The art of the deal: how to negotiate a starting salary
Your interview went well, and a job offer has come in. Exciting right? Yes, unless the offer is lower than you were hoping for. You’ll most likely have some mixed emotions: on the one hand, you’re happy and relieved that your job search is over, on the other, you’re trying to figure out just how you can afford that Tesla Model S on a salary so low (short answer: you can’t). So what do you do? People often feel as if they have to accept that first offer, without negotiation – any job is better than no job after all. Big mistake.
You can and should negotiate for a better starting salary, and here’s how.
Do your research.
Even before you have an interview, you should be researching the company and the type of job you’ve been offered. Get a better understanding of typical responsibilities and tasks, as well as an appropriate compensation package (note: job postings on Workopolis now come equipped with salary range approximations from Payscale).
If the company has a collective agreement with a salary scale, you’ll likely have less room to maneuver. Consider asking about bonuses; approximately half of all businesses in Quebec, for example, use some kind of bonus system, according to the College of Certified Human Resources Advisors.
Ask additional questions.
There’s only so much you can get online. Sometimes you need to ask your prospective employer additional questions. What is the office culture like? Is staff mostly younger workers fresh out of school, or do industry vets make up the bulk of the organization? Every little bit of information that you can extract can help your decision-making.
And if you’re worried about asking compensation-related questions, don’t. Remember that you’re negotiating – salary is part of the discussion. If it’s making you anxious, though, start with simple questions (“what sort of software would I be working on?”) and work your way up to something more tricky, like salary.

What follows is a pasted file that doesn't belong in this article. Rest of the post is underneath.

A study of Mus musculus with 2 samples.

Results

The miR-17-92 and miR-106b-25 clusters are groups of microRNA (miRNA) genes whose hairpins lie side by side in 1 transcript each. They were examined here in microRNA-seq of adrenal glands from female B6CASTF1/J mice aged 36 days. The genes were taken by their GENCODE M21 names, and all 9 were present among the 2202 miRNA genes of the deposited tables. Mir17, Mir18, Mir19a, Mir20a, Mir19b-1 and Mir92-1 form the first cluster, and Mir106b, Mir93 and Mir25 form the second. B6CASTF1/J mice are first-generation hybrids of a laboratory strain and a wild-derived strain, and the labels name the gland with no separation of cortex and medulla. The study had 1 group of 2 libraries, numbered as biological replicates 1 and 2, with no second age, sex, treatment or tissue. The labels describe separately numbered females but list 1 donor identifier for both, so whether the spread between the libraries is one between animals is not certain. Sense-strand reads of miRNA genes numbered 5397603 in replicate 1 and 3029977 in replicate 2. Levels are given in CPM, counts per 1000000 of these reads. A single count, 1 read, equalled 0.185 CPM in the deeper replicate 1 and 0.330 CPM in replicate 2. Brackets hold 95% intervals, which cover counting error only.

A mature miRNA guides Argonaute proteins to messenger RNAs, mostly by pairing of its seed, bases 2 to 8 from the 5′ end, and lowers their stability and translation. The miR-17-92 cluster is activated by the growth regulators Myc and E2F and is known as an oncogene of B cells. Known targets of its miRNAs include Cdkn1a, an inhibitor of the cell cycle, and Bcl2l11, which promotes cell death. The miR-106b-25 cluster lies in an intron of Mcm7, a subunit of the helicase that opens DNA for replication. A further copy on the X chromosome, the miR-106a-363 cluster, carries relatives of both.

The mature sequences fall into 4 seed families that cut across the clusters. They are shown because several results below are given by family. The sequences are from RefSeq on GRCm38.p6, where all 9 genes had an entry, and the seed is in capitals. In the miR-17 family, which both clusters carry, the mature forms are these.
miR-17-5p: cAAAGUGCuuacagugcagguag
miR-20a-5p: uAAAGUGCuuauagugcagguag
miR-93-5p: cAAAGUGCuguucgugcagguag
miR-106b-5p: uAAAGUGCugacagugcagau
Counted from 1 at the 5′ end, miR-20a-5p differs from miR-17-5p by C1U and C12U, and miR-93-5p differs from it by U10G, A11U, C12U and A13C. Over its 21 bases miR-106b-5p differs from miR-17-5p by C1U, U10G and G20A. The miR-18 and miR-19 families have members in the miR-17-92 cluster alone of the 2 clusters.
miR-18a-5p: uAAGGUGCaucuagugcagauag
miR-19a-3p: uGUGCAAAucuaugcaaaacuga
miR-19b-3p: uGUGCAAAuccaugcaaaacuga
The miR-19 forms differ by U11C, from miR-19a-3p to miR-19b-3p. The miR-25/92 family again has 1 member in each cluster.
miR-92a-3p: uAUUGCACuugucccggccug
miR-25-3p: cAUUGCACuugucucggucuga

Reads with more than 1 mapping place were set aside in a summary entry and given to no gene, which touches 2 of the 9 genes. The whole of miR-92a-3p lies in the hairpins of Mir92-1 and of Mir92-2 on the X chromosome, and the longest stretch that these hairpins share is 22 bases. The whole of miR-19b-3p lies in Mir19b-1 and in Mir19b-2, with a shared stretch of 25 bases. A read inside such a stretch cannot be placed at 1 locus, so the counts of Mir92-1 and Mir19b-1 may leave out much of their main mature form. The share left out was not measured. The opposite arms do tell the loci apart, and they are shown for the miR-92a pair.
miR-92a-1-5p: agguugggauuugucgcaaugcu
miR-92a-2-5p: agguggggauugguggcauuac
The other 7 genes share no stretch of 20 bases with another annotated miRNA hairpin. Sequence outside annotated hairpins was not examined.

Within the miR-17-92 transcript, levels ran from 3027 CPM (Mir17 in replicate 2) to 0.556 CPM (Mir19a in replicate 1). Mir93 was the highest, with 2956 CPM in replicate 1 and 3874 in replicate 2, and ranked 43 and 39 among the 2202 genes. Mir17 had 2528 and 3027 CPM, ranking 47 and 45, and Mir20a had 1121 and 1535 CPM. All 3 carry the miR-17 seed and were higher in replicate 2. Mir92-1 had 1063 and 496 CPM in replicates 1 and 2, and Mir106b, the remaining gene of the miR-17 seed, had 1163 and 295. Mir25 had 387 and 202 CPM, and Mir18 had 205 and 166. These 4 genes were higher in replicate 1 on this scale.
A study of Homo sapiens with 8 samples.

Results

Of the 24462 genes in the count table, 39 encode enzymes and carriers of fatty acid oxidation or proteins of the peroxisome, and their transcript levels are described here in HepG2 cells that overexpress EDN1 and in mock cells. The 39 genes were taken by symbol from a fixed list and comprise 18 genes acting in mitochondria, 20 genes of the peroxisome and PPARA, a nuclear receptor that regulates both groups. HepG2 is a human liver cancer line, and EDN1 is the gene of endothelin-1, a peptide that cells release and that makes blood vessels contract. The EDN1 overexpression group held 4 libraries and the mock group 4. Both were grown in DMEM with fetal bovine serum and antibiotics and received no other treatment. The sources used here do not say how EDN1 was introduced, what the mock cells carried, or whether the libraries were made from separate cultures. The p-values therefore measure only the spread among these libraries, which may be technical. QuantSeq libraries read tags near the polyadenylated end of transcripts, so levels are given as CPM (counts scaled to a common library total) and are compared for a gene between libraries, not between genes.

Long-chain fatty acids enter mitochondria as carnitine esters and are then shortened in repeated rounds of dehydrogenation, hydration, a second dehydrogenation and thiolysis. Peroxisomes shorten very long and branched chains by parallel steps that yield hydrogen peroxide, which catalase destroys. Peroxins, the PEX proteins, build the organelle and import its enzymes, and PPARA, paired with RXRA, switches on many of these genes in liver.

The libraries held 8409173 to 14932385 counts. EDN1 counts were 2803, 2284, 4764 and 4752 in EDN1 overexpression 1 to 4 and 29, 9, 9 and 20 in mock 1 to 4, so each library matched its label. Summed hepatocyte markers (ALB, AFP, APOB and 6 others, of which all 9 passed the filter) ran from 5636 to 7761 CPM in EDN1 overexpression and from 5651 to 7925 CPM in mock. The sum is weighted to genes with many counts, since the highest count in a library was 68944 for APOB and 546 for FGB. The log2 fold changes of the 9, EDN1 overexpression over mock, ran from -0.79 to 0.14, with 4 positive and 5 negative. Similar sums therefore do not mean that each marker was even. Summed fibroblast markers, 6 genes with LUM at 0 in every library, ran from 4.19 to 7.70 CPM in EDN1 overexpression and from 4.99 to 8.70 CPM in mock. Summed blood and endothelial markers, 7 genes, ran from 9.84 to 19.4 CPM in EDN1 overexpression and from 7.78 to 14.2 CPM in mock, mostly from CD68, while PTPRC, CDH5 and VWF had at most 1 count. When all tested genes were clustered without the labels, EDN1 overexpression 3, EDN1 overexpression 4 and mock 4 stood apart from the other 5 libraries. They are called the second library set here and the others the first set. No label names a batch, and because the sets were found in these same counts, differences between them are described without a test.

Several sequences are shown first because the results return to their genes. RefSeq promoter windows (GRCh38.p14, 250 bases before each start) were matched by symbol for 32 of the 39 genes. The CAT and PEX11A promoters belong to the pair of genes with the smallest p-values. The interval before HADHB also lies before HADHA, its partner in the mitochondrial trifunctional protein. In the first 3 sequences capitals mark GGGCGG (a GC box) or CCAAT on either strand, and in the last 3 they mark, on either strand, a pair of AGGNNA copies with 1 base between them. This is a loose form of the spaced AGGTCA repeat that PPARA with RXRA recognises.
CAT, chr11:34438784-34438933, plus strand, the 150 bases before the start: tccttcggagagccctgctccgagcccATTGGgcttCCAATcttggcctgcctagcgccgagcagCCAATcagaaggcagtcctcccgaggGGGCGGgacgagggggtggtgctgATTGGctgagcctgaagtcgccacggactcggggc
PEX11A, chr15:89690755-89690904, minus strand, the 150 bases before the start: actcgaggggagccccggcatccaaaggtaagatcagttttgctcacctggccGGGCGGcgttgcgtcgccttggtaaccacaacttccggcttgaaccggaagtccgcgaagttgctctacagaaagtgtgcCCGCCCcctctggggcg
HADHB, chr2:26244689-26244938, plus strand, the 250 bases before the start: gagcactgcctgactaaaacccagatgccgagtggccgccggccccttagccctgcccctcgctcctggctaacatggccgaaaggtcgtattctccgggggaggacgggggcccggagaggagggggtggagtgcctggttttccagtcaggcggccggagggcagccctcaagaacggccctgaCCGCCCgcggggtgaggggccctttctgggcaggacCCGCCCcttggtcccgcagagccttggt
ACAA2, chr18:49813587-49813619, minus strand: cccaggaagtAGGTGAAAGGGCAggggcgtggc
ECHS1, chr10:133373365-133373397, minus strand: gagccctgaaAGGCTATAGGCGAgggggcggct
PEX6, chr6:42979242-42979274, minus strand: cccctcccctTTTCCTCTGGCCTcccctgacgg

Take the time to think through the offer.
Getting an offer can be exciting, particularly if you’ve been job hunting for awhile, but that doesn’t mean you have to act right away. No matter how generous the offer seems, ask for time to review it carefully. Then consider whether a counter offer is appropriate. Most people are afraid that if they ask for time to reflect, the company will withdraw the offer, but this rarely happens, according to Ellis Chase, career coach and author of In Search of The Fun Forever Job. Even a single day can be enough to fully consider the offer.
When you get that extra time to reflect, weigh all the possible pros and cons, including salary, benefits, commute, workload, and potential for advancement. The outcome of this exercise will often help you decide whether you need to ask for something more.
Show off a little.
To get the salary you want, you have to convince the company that you’re worth it. When making your counter offer, list your accomplishments and experience as part of a compelling case that shows you’re worth more than the offer on the table. Don’t be arrogant; just clearly demonstrate how you would contribute value to the organization. Deepak Malhotra, a professor at Harvard Business School, emphasizes that you must help the person you’re negotiating with convince his or her superior by identifying how to improve the original offer.
Always ask for more.
Nothing ventured, nothing gained, as the saying goes. Always ask for a higher salary and justify why you’re worth it. You just might get a ‘yes.’ And even if the answer is ‘no,’ the organization may well be open to including bonuses or additional paid vacation if you make a strong case about your value.
Think beyond money.
Salary negotiations include much more than money. Be sure to address other components of the compensation package: paid vacation, telework options, flexible hours, bonuses, pension contributions, etc. Would being able to pick up the kids from daycare at 4:00 p.m. every day be worth the same to you as $5,000 in additional salary? You have to know the answer to that question. More importantly, you need to know if it’s important to you in advance; introducing a new demand at the last minute could give the organization reason to withdraw the offer entirely.
Get everything on paper.
The golden rule: once you reach an agreement, go through each point with the negotiator and get it in writing! This will avoid any nasty surprises after you start your new job.
Good luck and congratulations on the new job!